POSTED ON

7 May 2018

Life has a way of throwing you a curve ball. Sometimes they're good, sometimes bad, and sometimes they can compel you to leave a career behind and take a long hiatus from work. After that long break, you're now ready to go back to the rat race and apply for a new job. But how do you address that gap in your resume? For sure, hiring managers and HR personnel are going to wonder and ask you about it.

Whether your career break was due to familial responsibilities, illness, travel, education, or something else entirely, handling a career gap in your resume can be difficult, but it needs to be done. Ignoring it can only serve to prolong your hiatus even further. The good news is that it's still possible for you to write a compelling resume. All it takes is to know how.

Before writing your resume

Don't rush straight into writing your resume. Plan and set goals for yourself beforehand. Think of the careers that will suit your lifestyle and situation. And be sure to do the following:

  • Evaluate your skills and experience

When was the last time you assessed yours? While your education, experience and training may have served you well in your past job, you may need to do some brushing up and update your skills. You'll likely be going up against job applicants who have had a steady career trajectory, so you have some catching up to do. By improving your skillset, you improve your chances of being selected as the right candidate for the job.

  • Re-establish your relationship with the working world

Now that you're set to re-enter the workforce, you need to consider reconnecting with former colleagues and other working professionals. Aside from being a way to network, doing so can give you a feel for what to prepare for. If you used to attend trade groups and associations in the past, it might be worth renewing your membership, simply to rebuild old ties. You may also attend conferences and trade shows, take on freelance and consulting projects, even do volunteer work.

When writing your resume

You need to convince hiring managers and employers that you are qualified for the job. For your resume's content to reflect this, you need to 'sell' yourself in an active fashion. Start by choosing the right resume structure. Since you've been out of work for a long time, using the reverse chronological format could be a mistake, as it can glaringly make it obvious that you've been out of work for a lengthy period. That said, both functional resume and combination resume formats can work more in your favor. Below are other tips to keep in mind when writing your resume.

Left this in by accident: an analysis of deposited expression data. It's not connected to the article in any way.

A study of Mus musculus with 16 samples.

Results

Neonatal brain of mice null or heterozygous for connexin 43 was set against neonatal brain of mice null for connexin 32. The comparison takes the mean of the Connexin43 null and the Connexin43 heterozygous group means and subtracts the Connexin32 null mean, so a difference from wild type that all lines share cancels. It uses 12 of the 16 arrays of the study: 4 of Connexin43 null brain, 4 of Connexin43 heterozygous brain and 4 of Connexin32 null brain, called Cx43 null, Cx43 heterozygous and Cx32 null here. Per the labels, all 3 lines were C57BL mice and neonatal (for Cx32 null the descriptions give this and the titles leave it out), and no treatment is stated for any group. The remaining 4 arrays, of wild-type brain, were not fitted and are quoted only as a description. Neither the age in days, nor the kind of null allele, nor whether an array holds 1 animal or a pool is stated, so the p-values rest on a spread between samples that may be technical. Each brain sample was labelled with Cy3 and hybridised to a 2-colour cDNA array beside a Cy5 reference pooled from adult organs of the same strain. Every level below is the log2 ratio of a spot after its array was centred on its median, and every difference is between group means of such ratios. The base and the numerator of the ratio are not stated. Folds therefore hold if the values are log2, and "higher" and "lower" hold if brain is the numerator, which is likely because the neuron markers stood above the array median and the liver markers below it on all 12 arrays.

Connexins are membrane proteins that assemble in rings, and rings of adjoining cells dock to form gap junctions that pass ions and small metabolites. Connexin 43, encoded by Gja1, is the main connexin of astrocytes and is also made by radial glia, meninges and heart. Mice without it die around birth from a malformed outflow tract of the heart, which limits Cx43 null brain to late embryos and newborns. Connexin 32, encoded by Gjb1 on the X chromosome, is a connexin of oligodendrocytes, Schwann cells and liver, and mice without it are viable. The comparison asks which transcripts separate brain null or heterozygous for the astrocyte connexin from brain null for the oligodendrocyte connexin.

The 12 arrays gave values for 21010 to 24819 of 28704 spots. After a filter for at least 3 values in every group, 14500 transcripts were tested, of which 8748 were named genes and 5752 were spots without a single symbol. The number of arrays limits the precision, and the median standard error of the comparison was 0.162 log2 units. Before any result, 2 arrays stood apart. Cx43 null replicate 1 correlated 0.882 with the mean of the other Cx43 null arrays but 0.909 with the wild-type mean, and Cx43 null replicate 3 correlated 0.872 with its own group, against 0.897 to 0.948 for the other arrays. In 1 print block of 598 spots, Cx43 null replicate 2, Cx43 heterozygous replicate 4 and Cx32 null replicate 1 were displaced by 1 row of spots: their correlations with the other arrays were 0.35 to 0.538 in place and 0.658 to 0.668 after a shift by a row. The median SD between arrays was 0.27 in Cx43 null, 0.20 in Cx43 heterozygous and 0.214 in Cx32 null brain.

• Highlight the positive

Think of the activities you got involved in while out of work. Perhaps some, if not all, carry some applicability to your career goal. Highlight the following activities in your resume if you've ever participated in them.

  • -Volunteer work/community involvement such as fundraisers, helping out at non-profits, renovating a local playground, etc.
  • -Training and education such as online courses, independent study, Toastmaster, and the like.
  • -Freelance work
  • -Involvement in professional organizations and business conferences
  • -Any profitable endeavor
  • Elaborate on each skill

For each skill or competency that you put on your resume, make sure to include a brief summary detailing your expertise. Include two to three instances when you successfully demonstrated a particular skill. Craft each instance as an achievement. Focus on results, not responsibilities. Support information with facts and figures. You can use any examples from any period in your career, but the most recent ones will be more favorable.

  • Avoid drawing attention to dates

When formatting your resume, don't surround dates with white space, as it tends to make them stand out and attract the reader's eye. Instead, place them next to your job titles and put them in parentheses to reduce their impact.

  • Make your cover letter work

Your cover letter can be a useful tool for you to explain why you had to give up your previous job. Aside from providing your explanation, use your cover letter to express how excited you are about reentering the workforce, as well as the assurance that you'll do everything in your power to stand out in your job should they decide to hire you.

  • Include hobbies and interests (but don’t go overboard)

A 'hobbies and interests' section rarely makes it onto a one-page resume, but since you're going to lack any recent work experience, adding this section can be a great way to have a potential employer consider your personality and values for the job. Are they looking for leadership skills? That time you coached your child's soccer team can be useful. Built a garden so that your family can eat home-grown organic foods? That can be valuable information as well. If you think a particular hobby or interest can help you land the job, include it.

  • Be honest

There's no denying that a career hiatus can be detrimental to your hiring chances, so you may be tempted get a little 'creative' with your resume. This is never a good idea. Not only is stretching the truth on your resume wrong, but it can also come back to haunt you. Many successful people lost their careers because of a falsified credential or a made-up job title, so always be honest. Even if your invented embellishments fail to get noticed by your potential employer during the hiring process, you're simply setting yourself up for failure at a later time, which can be devastating.

Conclusion

You'll have to put in more effort into your job application than those with recent work experience, so keep your chin up, stay positive, and keep faith. You may even have to take on a less-than-ideal job offer, so be prepared to make sacrifices. Instead of declining, use it as a stepping stone to get your career back on track.